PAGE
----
Medical insurance can be expensive, which means buying it is not always fun. But think about what you get when you buy medical insurance. You don't just get more affordable access to your doctor. You're also more likely to remain in good health as you age. You're far less likely to have to empty your wallet for a medical emergency, too. What it all comes down to it is this: medical insurance is a good idea, even if it costs a bit more than you'd like. Read more about medical insurance here on this blog. We have all sorts of insights to share.



Insure Your Health, Insure Your Future

What To Expect From Physician Credentialing During A Residency

by Vincent Evans

If you've recently graduated from medical school and begun your residency program, you're already well on your way to becoming a full physician. But what does the transition from resident to attending physician really entail? Besides picking up the practical knowledge and skills every doctor needs, you'll also begin the credentialing process. Although it can be time-consuming and intimidating, this is a necessary step to further your career, protect patients, and keep your employer in good standing with insurance providers.

Understanding the Credentialing Process

In the medical industry, credentialing verifies a physician is qualified to practice medicine. The related process of privileging then determines which specific jobs a physician can perform. Without these crucial ratings, insurance companies can't work with you or bill patients properly, and employers will look elsewhere. On a basic level, credentials confirm that you have received a medical license and are eligible to practice medicine in a given state. Verifying doctors prior to hiring protects patients from applicants who might otherwise lie about their qualifications.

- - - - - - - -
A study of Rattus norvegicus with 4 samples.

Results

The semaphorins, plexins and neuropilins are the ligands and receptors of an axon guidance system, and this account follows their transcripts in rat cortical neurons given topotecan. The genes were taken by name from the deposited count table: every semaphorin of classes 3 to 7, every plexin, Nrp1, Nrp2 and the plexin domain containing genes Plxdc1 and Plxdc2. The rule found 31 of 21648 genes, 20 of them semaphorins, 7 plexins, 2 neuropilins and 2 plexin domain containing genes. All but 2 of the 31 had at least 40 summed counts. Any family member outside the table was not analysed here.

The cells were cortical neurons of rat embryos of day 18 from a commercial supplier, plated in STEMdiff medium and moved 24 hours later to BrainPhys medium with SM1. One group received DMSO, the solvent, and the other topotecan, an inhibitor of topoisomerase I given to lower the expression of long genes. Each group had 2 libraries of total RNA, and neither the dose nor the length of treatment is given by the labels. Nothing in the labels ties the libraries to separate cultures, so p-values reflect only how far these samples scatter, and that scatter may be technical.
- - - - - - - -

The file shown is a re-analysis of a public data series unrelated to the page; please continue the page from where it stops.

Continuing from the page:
Collecting the Necessary Documents

As you progress through your residency, the credentialing process should begin through your facility's credentialing agency. You may be asked to provide records such as a valid government ID, your medical license, proof of immunization, a clear photograph of yourself, your national provider identifier, your diploma, and other certificates picked up during your residency. Keep these documents safely organized to expedite this step.

Responding to Requests

Once you hand over all of the required documents, be prepared to respond to questions and give more information as needed. Credentialing and privileging can be an exhaustive and exhausting process, but it's crucial to facilitate it as much as possible. Work with your credentialing authority and seek clarification if you're not sure how to move forward.

Setting a Realistic Time-Table

Even in relatively simple cases, credentialing can take months to complete. You don't want to get hired as an attending physician only to find out you can't get to work. For this reason, start preparing for credentialing early in your residency and check in occasionally to ensure verification is progressing.

Staying Up-to-Date

Finally, with any luck, your career and qualifications will only continue to grow and flourish. You may periodically need to update your credentials and privileges as you advance or change facilities. Keep your paperwork on hand and organized to expedite this. And if you ever have questions or doubts about the credentialing process, don't hesitate to contact a physician enrollment company for clinician enrollment assistance.